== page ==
14 Aug 2017

NZ govt says Australia's Joyce is NZ citizen

3:51 pm on 14 August 2017

New Zealand Internal Affairs Minister Peter Dunne has confirmed Australian Deputy Prime Minister Barnaby Joyce is considered a New Zealand citizen.

Australia's Deputy Prime Minister Barnaby Joyce addresses a press conference in Sydney, July 2016.

Australian Deputy Prime Minister Barnaby Joyce says he's received advice that he might be a New Zealand citizen. Photo: AFP

Mr Joyce is the latest politician to be caught in a dual citizenship controversy across the Tasman.

Several senators have resigned, or are facing scrutiny, over their citizenship status.

Under the Australian constitution, anyone with dual citizenship cannot stand for federal election.

Mr Dunne said Mr Joyce's father was a New Zealand citizen and he passed citizenship on to his son.

"It's automatically passed on, I don't know whether he (Mr Joyce) knew or not," Mr Dunne said.

"He says he didn't know, he says he was under the belief his father had renounced the New Zealand citizenship.

"But the fact is it is all irrelevant - if he was eligible to receive the citizenship at the time, under our legislation he does, regardless of his subsequent circumstances," Mr Dunne said.

Mr Joyce said this afternoon he was asking the High Court to rule on his citizenship status and whether he was eligible to be in Parliament, the ABC reported.

He said legal advice suggested he has not breached the constitution, but the court should consider the matter.

Mr Joyce told Parliament the New Zealand High Commission contacted him last Thursday to say he might be a citizen of New Zealand because his father was born there.

"The New Zealand High Commission contacted me to advise that on the basis of preliminary advice from their Department of Internal Affairs, which had received inquiries from the New Zealand Labour Party, they considered that I might be a citizen by descent of New Zealand."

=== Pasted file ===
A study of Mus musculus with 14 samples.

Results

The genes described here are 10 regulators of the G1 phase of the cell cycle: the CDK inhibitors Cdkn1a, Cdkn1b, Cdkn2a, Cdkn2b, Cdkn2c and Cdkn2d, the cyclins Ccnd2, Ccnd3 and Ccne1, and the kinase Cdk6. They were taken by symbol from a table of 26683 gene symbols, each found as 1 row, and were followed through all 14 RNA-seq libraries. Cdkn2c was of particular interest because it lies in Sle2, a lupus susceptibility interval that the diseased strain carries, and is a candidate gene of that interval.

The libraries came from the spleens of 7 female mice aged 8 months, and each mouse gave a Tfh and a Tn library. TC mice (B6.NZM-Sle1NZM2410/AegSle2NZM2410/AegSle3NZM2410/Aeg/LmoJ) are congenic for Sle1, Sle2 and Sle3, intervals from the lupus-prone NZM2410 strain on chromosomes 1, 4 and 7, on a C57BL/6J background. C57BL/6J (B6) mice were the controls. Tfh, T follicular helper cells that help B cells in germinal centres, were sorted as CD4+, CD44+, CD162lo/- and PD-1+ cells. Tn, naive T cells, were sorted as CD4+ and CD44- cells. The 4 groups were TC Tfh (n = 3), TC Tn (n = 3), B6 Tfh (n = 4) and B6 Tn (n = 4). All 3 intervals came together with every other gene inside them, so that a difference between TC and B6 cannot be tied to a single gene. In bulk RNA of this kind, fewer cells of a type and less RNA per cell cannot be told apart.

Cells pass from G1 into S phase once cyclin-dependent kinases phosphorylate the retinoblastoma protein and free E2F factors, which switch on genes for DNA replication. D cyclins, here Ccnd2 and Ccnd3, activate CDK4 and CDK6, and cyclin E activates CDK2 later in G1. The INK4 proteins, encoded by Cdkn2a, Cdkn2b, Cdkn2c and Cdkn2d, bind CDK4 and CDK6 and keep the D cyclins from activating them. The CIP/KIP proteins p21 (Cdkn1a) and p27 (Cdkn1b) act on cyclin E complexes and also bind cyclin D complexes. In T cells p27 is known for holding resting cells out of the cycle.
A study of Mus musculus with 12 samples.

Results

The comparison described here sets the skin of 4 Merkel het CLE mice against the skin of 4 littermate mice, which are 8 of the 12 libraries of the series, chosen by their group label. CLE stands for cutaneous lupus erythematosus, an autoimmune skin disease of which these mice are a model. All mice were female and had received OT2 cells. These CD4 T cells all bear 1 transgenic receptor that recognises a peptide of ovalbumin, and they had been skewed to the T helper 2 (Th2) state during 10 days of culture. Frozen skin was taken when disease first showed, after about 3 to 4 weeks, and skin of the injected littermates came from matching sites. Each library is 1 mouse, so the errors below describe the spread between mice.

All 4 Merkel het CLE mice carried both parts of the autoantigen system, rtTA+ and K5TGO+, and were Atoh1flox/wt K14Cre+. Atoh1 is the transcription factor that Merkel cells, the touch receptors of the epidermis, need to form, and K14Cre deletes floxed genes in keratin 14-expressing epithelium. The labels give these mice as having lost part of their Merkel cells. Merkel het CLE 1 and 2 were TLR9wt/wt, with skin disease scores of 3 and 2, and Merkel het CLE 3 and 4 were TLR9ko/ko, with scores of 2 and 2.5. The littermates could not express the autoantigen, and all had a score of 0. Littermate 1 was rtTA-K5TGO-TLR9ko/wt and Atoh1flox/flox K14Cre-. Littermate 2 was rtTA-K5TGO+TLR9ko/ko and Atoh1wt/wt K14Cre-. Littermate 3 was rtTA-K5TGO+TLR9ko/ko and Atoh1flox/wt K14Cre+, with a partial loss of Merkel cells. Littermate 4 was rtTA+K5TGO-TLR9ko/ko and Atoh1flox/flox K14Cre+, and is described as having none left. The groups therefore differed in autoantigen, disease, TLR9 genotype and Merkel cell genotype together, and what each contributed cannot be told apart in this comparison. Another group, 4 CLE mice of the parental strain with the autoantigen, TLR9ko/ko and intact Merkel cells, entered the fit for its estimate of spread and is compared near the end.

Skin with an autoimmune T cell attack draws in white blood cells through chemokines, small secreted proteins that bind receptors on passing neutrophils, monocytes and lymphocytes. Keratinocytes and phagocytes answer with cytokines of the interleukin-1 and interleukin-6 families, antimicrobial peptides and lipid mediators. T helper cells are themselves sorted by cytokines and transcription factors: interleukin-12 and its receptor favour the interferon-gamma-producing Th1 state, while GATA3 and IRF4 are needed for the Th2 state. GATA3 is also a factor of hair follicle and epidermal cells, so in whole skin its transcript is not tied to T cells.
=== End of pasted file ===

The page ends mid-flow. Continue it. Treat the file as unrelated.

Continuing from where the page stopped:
He said he was "shocked" to hear the news.

"I have always been an Australian citizen," he said.

The National Party leader was born in Tamworth in New South Wales in 1967.

He said his father was born in New Zealand but moved to Australia in 1947 "as a British subject - in fact we were all British subjects at that time".

He noted that the concept of New Zealand and Australian citizenship was not created until 1948.

"Neither my parents nor I have ever applied to register me as a New Zealand citizen, the New Zealand Government has no register recognising me as an New Zealand citizen," he said.

Mr Joyce said the Solicitor-General had advised that he would not be disqualified by section 44 of the constitution.

But he said that he was asking the High Court to make a ruling to clarify the situation.

Prime Minister Malcolm Turnbull said Mr Joyce should remain as deputy prime minister because the legal advice was so strong.

Last week the Senate referred four cases to the High Court to decide on eligibility.

National Party senator Matt Canavan and One Nation senator Malcolm Roberts will both argue in the High Court that they should not be disqualified as dual citizens.

Two Greens senators - Scott Ludlam and Larissa Waters - have both quit after conceding they are dual citizens.

The High Court will make a ruling about the process for replacing the two Greens.

A spokesperson for New Zealand's Labour Party said they did not have a comment to make at this time.